We strive to provide the highest level of client satisfaction, and handle each request with the utmost importance. We expect to respond to each request we receive within one business day of receipt.
Please note that trades cannot be processed via e-mail for security reasons. If your inquiry requires immediate assistance, please call us at
1-800-821-5129 (8:30 a.m.-6:00 p.m. EST, Mon-Fri).
Thank you for contacting Lord Abbett. A member of our staff will contact you between X:XXpm EST and XX:XXpm EST [today OR XX/XX/XXXX]. A confirmation has been sent to your email address.Close
Use this form to give us your feedback or report any problems you experienced finding information on our Website.
* Indicates Required Fields
Thank you for providing feedback.
Q: What exactly is a foreign withholding tax?
A: Generally, income is taxed in the jurisdiction in which it is earned. In the international equity arena, dividends paid by a foreign corporation are sourced to the foreign corporations country. When a foreign corporation (e.g., Canon, Inc.) pays a dividend to a nonresident, such as a fund, a portion of the dividend is withheld (in this example, by Japan). The withholding works similarly to your payroll taxes. Instead of your employer withholding money for taxes and submitting it to the government, the funds custodian withholds a certain amount of the dividends paid and submits it to the foreign country. Withholding rates are generally 30% unless the United States has an active treaty with the country. Most treaties reduce the amount of withholding on dividends to 015%.
Q: How does the foreign tax credit work?
A: The Foreign Tax Credit was created to prevent a shareholder from being taxed twice for the same income: once in the foreign country and again in the United States. There is currently a similar credit in the United States at the state level. You may be familiar with it if you work in one state and live in another. For example, I work in New Jersey but live in New York. Assume the New Jersey income tax rate is 6% and New Yorks income tax rate is 10%. I do not pay 16% in state income taxes. Instead, I pay 6% to New Jersey because I earned the income in that state, and 4% to New York because I live in New York. Mechanically, the way that it works is when I complete my New York tax return, I am able to take a tax credit for the taxes I paid to New Jersey (6%) because it relates to the same income.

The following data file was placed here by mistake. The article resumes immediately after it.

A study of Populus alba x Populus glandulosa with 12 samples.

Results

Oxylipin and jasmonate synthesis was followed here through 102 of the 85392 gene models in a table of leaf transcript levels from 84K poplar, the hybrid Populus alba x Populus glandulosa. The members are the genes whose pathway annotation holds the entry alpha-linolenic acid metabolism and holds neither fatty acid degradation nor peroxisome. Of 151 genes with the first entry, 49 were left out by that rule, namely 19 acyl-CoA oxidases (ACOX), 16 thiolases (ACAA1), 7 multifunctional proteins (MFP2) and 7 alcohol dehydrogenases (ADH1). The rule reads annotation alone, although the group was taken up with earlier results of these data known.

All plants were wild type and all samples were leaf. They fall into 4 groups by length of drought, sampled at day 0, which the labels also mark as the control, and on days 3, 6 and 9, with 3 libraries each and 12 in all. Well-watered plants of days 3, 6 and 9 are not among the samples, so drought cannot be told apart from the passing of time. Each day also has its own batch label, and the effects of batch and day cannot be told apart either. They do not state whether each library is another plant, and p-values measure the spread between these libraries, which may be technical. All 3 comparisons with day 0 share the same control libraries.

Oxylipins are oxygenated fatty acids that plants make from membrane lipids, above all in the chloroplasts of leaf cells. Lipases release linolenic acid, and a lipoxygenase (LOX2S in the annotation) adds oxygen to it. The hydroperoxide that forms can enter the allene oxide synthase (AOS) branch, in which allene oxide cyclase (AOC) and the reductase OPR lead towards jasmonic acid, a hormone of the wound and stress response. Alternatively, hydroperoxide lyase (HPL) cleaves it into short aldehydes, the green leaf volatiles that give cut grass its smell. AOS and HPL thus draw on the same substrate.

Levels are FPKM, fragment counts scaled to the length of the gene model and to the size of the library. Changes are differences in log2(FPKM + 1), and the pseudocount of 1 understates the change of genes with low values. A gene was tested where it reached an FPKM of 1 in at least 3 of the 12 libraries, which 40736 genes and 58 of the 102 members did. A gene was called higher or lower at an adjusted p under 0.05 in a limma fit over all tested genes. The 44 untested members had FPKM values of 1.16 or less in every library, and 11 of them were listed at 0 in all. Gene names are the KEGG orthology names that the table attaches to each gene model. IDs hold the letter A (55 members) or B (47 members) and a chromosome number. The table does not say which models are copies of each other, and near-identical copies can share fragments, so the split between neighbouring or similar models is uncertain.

The Foreign Tax Credit works the same way. Assume you own a foreign stock that paid a dividend and 10% was withheld. When you prepare your U.S. federal income tax return, you are allowed to take a credit for the taxes you paid to the foreign country. Therefore, if the dividend you received is subject to the 15% tax rate in the United States, you will only need to pay 5% in U.S. federal income taxes because you already paid 10% to the foreign country.
Q: How does this get applied to an international equity mutual fund?
A: What makes a mutual fund unique is that it does not pay taxes on the income it earns if it meets certain requirements. Instead, a fund must distribute all the income that it earns to its shareholders, who are then taxed as if they earned the income directly. Since a mutual fund does not pay income taxes, it cannot take the benefit of the Foreign Tax Credit. Instead, a fund may pass through the ability to take the Foreign Tax Credit to its shareholders.
A shareholder receives Form 1099 every year, which states the amount of dividends and other distributions they received during the year. Box 6 of the 1099 is used if a Foreign Tax Credit is being passed through. The amount in Box 6 represents foreign taxes paid by a fund on behalf of a shareholder. A shareholder will be able to reduce his or her U.S. federal income taxes by the amount of the Foreign Tax Credit. Essentially, a fund paid a portion of the shareholders taxes. The following example illustrates this concept.
The table illustrates the hypothetical federal income tax consequence of a shareholder that invests in two different mutual funds. The first investment is an international fund that passes through the Foreign Tax Credit, and the second is a domestic equity fund with the same level of income dividends, but without the Foreign Tax Credit.
The opinions in the preceding commentary are as of the date of publication and subject to change based on subsequent developments and may not reflect the views of the firm as a whole. This material is not intended to be legal or tax advice and is not to be relied upon as a forecast, or research or investment advice regarding a particular investment or the markets in general, nor is it intended to predict or depict performance of any investment. Investors should not assume that investments in the securities and/or sectors described were or will be profitable. This document is prepared based on information Lord Abbett deems reliable; however, Lord Abbett does not warrant the accuracy or completeness of the information. Investors should consult with a financial advisor prior to making an investment decision.
Investors should carefully consider the investment objectives, risks, charges, and expenses of the Lord Abbett funds. This and other important information is contained in each fund’s summary prospectus and/or prospectus. To obtain a prospectus or summary prospectus on any Lord Abbett mutual fund, contact your investment professional or Lord Abbett Distributor LLC at 888-522-2388 or visit us at www.lordabbett.com. Read the prospectus carefully before you invest.